One of Sen's greatest strengths is that he proves that the various elements of freedom are so interconnected that you cannot give some of them priority over others. He takes dead aim at the concept of "Asian values," the argument, sometimes associated with Lee Kuan Yew, the authoritarian leader of Singapore, that economic growth requires harsh, almost military discipline and that political rights are a luxury that a society can afford only after its economy has grown. This argument has a long and ugly history; it was once used to justify repression in the Soviet Union and the old Eastern bloc, and today Western multinationals employ it to defend mainland China.
Sen uses his knowledge of famines as part of his campaign to disprove this obnoxious view. He asserts flatly, "Famines are extremely easy to prevent if the government tries to prevent them, and a government in a multiparty democracy with elections and free media has strong political incentives to undertake famine prevention." He shows how the famines that hit India in his youth have ended since independence in 1947. Now, an Indian press is free to report on the danger, pressuring the government into action. Press freedom is not simply a luxury affordable in rich countries but a matter of life and death in poor ones.
Underlying Amartya Sen's philosophy is a universalist presumption, "a belief in the ability of different people from different cultures to share many common values and to agree on some common commitments," such as "the overriding value of freedom." He uses a powerful example from India. In 1975, Prime Minister Indira Gandhi seized emergency powers, claiming she needed them to accelerate economic growth. She called a sudden election in 1977, expecting that voters would endorse her drastic moves. Instead, Indians overwhelmingly repudiated her. Sen says that "the Indian electorate--one of the poorest in the world--showed itself to be no less keen on protesting against the denial of basic liberties and rights than it was in complaining about economic poverty." In June this year, voters in Indonesia further confirmed Sen's view, decisively rejecting the heirs of the Suharto dictatorship, which had ruled them for more than three decades.
Development as Freedom does have one major weakness: Sen does not take account of the huge global enterprises that dominate the world economy today. He insists that freedom of transaction is a basic liberty, quite apart from its positive impact on growth, arguing that "the freedom to exchange words, or goods, or gifts does not need defensive justification in terms of their favorable but distant effects; they are part of the way human beings in society live and interact with each other."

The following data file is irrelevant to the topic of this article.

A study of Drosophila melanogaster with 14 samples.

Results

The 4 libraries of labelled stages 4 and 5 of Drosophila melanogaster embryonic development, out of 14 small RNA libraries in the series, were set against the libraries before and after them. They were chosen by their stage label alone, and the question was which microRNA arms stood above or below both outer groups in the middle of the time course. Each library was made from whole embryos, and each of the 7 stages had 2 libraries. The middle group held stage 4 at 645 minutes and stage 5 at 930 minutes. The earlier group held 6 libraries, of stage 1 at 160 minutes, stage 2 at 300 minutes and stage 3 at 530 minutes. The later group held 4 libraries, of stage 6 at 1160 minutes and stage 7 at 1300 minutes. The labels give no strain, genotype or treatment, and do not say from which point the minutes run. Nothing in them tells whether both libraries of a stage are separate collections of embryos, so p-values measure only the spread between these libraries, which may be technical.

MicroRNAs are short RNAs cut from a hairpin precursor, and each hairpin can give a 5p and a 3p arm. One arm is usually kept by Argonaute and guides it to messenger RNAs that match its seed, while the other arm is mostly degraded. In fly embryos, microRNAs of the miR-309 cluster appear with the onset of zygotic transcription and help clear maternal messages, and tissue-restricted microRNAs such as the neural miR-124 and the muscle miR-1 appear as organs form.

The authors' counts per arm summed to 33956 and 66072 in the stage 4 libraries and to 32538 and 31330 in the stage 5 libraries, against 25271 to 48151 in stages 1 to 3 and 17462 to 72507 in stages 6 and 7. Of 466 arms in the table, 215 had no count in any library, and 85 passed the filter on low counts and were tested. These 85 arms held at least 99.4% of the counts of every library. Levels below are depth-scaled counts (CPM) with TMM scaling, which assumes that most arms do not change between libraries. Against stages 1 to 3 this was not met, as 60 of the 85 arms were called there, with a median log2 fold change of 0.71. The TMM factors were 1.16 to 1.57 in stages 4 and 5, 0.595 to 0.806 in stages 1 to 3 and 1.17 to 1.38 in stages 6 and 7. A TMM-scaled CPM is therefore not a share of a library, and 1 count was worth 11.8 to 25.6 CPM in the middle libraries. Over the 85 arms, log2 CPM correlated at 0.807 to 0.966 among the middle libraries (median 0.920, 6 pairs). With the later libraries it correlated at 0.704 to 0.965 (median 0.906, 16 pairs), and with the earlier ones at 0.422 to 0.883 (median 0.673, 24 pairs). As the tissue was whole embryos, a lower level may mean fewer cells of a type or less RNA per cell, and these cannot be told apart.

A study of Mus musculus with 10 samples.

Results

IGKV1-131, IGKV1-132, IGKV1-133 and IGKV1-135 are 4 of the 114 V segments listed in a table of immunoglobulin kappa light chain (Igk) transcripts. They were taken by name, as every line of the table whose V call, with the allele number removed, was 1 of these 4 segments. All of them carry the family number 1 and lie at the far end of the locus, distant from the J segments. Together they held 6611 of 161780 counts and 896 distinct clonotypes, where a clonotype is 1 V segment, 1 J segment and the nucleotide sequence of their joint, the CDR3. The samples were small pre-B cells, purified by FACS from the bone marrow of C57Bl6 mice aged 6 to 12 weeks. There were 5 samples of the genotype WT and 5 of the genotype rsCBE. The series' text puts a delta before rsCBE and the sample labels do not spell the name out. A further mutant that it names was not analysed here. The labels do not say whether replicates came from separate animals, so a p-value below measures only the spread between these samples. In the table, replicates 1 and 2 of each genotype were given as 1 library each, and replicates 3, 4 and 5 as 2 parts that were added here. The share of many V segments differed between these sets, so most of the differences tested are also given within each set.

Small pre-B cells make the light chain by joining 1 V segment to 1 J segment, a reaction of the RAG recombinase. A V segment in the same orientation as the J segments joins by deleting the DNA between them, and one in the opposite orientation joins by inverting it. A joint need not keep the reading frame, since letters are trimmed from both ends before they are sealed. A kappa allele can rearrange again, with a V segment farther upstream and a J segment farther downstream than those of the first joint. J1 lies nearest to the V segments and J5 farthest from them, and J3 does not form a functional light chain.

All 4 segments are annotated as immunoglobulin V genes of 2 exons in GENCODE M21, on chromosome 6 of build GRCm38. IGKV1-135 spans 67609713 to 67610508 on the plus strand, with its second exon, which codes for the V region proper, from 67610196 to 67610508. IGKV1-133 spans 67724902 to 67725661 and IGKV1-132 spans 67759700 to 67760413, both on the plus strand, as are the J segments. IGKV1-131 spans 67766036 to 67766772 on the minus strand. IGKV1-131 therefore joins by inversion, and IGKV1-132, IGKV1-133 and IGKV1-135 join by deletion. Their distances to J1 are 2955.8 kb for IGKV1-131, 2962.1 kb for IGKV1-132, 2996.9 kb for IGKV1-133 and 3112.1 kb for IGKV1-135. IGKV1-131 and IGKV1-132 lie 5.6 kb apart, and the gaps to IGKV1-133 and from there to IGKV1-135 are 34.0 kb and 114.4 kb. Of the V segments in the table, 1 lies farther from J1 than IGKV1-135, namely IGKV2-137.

Such a defense of trade on a human scale is persuasive. But Sen surely knows that we live in a world in which, as the United Nations reported in 1996, the assets of the planet's 358 billionaires exceed the combined annual incomes of countries with 45 percent of the world's people. These billionaires use instruments like hedge funds, international banks and multinational corporations, and they have great influence over governments, in the West and everywhere else. What they do has tremendous impact on the capabilities and freedoms of people like Maria Eugenia Gamboa.
First, and most obvious, the United States and other Western governments supported the Pinochet dictatorship, and international financial institutions and banks funded the general with billions of dollars in loans. The Chilean people finally forced Pinochet to relinquish power in 1990, but they are still vulnerable to overnight changes in the flow of international funds, as Mexicans, Thais and Indonesians have discovered while they suffer through catastrophic recessions. Chile's semidemocratic governments have put in place some safeguards against the most abrupt kinds of international economic pressure, but the country could still get sucked into a worldwide implosion that would begin elsewhere, like the disaster the US hedge fund Long-Term Capital Management nearly triggered in the fall of 1998.
Yet, also, Maria Eugenia Gamboa works in a garment industry that is increasingly global. Wages around the world are not set predominantly by free working people bargaining for their rights. Even if the Socialist Ricardo Lagos becomes the next president of Chile, people like Maru Gamboa will still be competing with other women, and even children, elsewhere in the world, people in factories in southern China who cannot vote or speak out but whose products are freely on sale in the West. The international economic system continues to reach right into Maru Gamboa's neighborhood, conscripting her as a low-paid seamstress. Amartya Sen's efforts to increase her freedoms must confront that hard fact.